Trying to get pregnant? Make sure you know the bottom line on baby-making—what you don't understand can affect your bub-to-be's health.
Luckily, the resources available to pregnant singletons to help them plan for their and their babies’ futures have grown along with their ranks. Here, three ways to secure the support you’ll need as a new single mom:
Single Mothers to Be (sm2b.org) is a nonprofit corporation founded by Gallion in which single pregnant women can get advice from peers through an online support group. Or join Single Mothers By Choice (singlemothersbychoice.org), which offers both an online community and local meetups for women who decide to have a baby without a partner.
Nearly half of single mothers are employed full time, with about 30 percent holding part-time jobs, according to the 2007 report from the U.S. Census Bureau, but stretching one paycheck to accommodate a new baby can be challenging. Jennifer Wolf, a New Jersey-based parenting coach and advocate for single moms, offers state-by-state facts about child support, qualifying for government assistance, resources for those who don’t qualify and a monthly budget calculator on her online Single Parents Guide (singleparents.about.com).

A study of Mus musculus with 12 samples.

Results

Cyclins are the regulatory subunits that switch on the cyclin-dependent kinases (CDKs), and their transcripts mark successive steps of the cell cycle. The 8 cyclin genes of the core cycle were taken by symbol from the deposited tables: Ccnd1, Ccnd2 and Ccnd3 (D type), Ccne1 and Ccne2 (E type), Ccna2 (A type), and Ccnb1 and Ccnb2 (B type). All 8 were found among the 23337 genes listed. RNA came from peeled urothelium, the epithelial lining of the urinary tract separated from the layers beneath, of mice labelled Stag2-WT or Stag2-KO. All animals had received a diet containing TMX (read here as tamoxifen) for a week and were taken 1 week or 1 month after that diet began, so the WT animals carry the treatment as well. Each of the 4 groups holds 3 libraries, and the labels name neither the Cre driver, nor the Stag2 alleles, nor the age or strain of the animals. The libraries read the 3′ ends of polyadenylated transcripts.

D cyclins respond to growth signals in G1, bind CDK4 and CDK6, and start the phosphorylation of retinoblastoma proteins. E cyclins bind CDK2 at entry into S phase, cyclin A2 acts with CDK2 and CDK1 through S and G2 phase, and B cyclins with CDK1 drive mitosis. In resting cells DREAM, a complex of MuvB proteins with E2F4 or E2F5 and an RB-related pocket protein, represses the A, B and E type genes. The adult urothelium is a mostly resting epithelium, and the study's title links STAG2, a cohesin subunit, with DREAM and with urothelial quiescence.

A doula is trained to provide physical, mental and practical support throughout your pregnancy, birth and postpartum. They work together with OB-GYNs and midwives, and many doulas offer their services on a sliding scale, and those in training may work for free to gain experience. To find one in your area, visit DONA International (dona.org) or Childbirth International (findadoula.com).